Latest transplant is best hope to save Renee Padgett’s life

In May 2012 the 25-year veteran of the Washington State Patrol was diagnosed with multiple myeloma, which is a rare cancer of plasma cells, a type of white-blood cell in bone marrow.

Renee Padgett of Renton has been fighting a rare form of cancer for four years. Here

Renee Padgett of Renton has been fighting a rare form of cancer for four years. Here

Just over 100 days have passed since Washington state trooper Renee Padgett of Renton had a bone-marrow transplant she hopes will save her life.

Passing that milestone on Friday, June 24, means “we’re edging toward recovery,” Padgett said on Monday.

In May 2012 the 25-year veteran of the Washington State Patrol was diagnosed with multiple myeloma, which is a rare cancer of plasma cells, a type of white-blood cell in bone marrow. She is on medical leave from the patrol.

For four years, she’s endured aggressive chemotherapy and radiation treatments and powerful antibiotics and two years ago she had a bone-marrow transplant using her own stem cells.

That transplant allowed her go back to work part-time with the state patrol. But there was the question of how long her remission would last. She was two weeks away from returning to duty full-time when tests showed the cancer had returned.

The wait began for another transplant, two actually, one using her own stem cells and one using those of a suitable donor. To even move forward with a transplant, she needed the donor thought a one-in-a-million chance. She beat those odds last November when a donor was found.

Then, a major setback. Padgett’s insurance company denied coverage for the transplants. She appealed. And she got her “Christmas miracle.” Her insurance company reversed its decision. The transplants were rescheduled for January and March.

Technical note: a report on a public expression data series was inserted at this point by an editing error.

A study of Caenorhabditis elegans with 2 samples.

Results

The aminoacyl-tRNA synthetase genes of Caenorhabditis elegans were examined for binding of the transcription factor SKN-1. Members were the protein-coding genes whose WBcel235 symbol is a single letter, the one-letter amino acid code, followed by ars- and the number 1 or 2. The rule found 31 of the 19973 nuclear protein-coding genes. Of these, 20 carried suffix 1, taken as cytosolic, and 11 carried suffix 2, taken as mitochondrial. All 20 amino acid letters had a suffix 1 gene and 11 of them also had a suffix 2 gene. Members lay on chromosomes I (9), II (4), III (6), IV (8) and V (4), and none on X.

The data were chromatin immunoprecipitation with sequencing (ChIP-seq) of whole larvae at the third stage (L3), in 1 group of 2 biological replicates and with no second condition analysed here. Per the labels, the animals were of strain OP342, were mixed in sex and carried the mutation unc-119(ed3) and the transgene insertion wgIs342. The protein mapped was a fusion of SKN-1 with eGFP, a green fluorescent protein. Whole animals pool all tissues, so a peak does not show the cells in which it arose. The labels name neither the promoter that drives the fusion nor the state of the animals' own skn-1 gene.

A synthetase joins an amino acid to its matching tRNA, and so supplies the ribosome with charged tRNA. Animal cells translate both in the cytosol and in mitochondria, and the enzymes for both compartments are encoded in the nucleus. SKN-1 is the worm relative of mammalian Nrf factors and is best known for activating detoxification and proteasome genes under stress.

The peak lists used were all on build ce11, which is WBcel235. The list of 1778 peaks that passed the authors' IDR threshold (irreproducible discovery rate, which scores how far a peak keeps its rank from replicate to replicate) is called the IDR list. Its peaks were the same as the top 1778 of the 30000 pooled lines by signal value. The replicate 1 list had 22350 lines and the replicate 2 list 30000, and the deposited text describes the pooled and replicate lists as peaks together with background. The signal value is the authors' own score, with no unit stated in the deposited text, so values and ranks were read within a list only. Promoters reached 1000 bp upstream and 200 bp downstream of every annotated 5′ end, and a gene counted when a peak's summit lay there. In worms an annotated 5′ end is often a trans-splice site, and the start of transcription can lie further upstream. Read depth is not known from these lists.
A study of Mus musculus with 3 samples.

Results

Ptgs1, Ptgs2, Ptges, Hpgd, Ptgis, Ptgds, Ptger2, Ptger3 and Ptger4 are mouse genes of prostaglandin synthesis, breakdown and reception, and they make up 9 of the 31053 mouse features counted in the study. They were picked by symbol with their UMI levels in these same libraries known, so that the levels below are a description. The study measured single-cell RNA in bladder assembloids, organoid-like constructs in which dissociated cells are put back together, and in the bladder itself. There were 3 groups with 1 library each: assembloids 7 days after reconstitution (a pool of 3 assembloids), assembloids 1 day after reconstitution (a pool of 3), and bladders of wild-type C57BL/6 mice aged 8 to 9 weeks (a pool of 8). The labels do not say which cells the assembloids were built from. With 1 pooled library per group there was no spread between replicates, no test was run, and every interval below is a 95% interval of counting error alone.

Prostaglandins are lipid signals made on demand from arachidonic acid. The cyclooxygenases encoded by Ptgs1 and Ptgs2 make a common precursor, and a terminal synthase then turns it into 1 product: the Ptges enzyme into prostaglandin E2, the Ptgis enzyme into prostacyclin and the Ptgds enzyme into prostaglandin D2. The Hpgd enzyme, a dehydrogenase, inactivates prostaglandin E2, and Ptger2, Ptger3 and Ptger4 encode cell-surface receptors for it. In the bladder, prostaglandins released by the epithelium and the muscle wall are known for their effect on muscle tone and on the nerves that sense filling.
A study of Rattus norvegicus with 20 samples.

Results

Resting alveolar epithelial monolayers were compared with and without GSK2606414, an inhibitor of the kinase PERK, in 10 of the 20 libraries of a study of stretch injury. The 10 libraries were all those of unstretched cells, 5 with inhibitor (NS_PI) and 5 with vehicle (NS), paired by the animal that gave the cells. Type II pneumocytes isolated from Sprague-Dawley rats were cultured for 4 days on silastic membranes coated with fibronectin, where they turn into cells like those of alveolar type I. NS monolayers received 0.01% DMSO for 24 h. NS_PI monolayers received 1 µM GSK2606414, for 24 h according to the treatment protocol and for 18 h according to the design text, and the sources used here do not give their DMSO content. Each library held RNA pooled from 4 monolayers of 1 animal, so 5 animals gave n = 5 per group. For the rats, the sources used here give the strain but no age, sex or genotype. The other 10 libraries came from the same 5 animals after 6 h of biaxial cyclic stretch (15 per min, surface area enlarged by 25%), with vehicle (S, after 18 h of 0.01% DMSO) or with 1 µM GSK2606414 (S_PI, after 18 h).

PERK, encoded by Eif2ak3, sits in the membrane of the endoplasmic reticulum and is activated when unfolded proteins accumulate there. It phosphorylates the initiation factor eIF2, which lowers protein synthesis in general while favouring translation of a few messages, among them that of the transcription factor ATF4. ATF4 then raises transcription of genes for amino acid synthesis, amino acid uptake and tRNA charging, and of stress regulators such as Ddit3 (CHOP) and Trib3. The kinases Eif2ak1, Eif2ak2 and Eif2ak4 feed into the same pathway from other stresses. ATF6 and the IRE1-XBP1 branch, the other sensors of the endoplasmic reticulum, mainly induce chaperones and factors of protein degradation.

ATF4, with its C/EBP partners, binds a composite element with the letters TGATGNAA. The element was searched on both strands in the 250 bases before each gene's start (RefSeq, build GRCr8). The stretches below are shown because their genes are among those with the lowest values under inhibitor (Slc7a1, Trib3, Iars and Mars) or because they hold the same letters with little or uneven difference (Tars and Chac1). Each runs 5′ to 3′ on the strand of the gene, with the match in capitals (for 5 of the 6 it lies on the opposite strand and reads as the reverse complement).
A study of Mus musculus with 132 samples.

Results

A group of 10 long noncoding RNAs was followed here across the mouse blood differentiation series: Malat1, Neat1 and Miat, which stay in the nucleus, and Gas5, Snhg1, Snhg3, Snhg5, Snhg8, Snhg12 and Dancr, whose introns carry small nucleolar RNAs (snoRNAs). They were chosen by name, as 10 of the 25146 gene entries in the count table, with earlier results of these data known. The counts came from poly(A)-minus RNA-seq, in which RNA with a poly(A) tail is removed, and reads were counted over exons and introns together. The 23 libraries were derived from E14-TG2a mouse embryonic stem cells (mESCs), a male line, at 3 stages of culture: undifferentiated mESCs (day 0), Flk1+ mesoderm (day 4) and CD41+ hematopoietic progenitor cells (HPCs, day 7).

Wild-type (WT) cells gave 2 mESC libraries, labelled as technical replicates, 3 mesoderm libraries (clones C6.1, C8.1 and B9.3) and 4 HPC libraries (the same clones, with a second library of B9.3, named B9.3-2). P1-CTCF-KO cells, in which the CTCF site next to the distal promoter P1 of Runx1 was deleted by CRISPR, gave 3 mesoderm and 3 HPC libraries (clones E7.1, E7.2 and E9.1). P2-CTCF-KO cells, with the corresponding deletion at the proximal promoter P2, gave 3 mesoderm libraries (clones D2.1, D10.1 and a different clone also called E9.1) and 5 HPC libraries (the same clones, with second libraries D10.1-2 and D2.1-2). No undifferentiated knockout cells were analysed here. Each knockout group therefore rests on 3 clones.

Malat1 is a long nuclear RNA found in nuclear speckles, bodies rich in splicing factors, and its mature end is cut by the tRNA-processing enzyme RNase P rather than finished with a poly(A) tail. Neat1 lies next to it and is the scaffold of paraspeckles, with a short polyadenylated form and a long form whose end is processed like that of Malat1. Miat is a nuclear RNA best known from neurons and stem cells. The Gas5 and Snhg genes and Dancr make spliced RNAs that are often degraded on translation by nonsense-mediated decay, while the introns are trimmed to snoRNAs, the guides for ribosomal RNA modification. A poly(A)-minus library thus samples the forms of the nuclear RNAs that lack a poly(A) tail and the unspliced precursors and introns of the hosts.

In late January she had a “pretty successful” transplant of her own stem cells but she didn’t go into remission as about 10 percent of the multiple myeloma remained. More testing would determine whether she could make it to the next transplant.

More chemotherapy and radiation followed before the donor transplant.

Day 0 was March 16, 2016 Transplant Day and the countdown began to Day 100, June 24. The transplant at UW Hospital has been followed by weeks of testing to determine how well her body is responding to the new cells. She had already suppressed her own immune system so that her body would allow the donor stem cells to grow. In the meantime, Padgett is working to regain her strength and continue her intense medical care; some cancer cells remained.

Padgett’s immune system is now almost entirely donor; once it’s at 100 percent, the goal is that it will kill the remaining cancer cells.

“It will be a process to taper the immune system meds much like applying the gas and the brake at the same time, so they can manage any complications as they arise due to the donor mismatch,” Team Padgett wrote on the Facebook page tracking Padgett’s journey for the last four years.

There is no cure for multiple myeloma but the transplant was the only treatment that has “curative potential.” And, in Padgett’s case, it was the last option available.

The chances of multiple myeloma decreases greatly when someone is disease-free and in complete remission for five years.

During her treatment, Padgett and her supporters have registered more than 700 people for the Bone Marrow Registry between Be The Match and Salute to Life through organizing and managing registration drives. The goal is adding 1,000 people to the drive.

Donors must be between the ages of 18 and 44. More information is available online at https://join.bethematch.org.

Padgett’s supporters have also set up a gofundme account online to raise money for prescription costs not covered by insurance. The address is https://www.gofundme.com.

A gofundme account last year raised money so that Padgett could stay in Seattle for her transplant and recovery.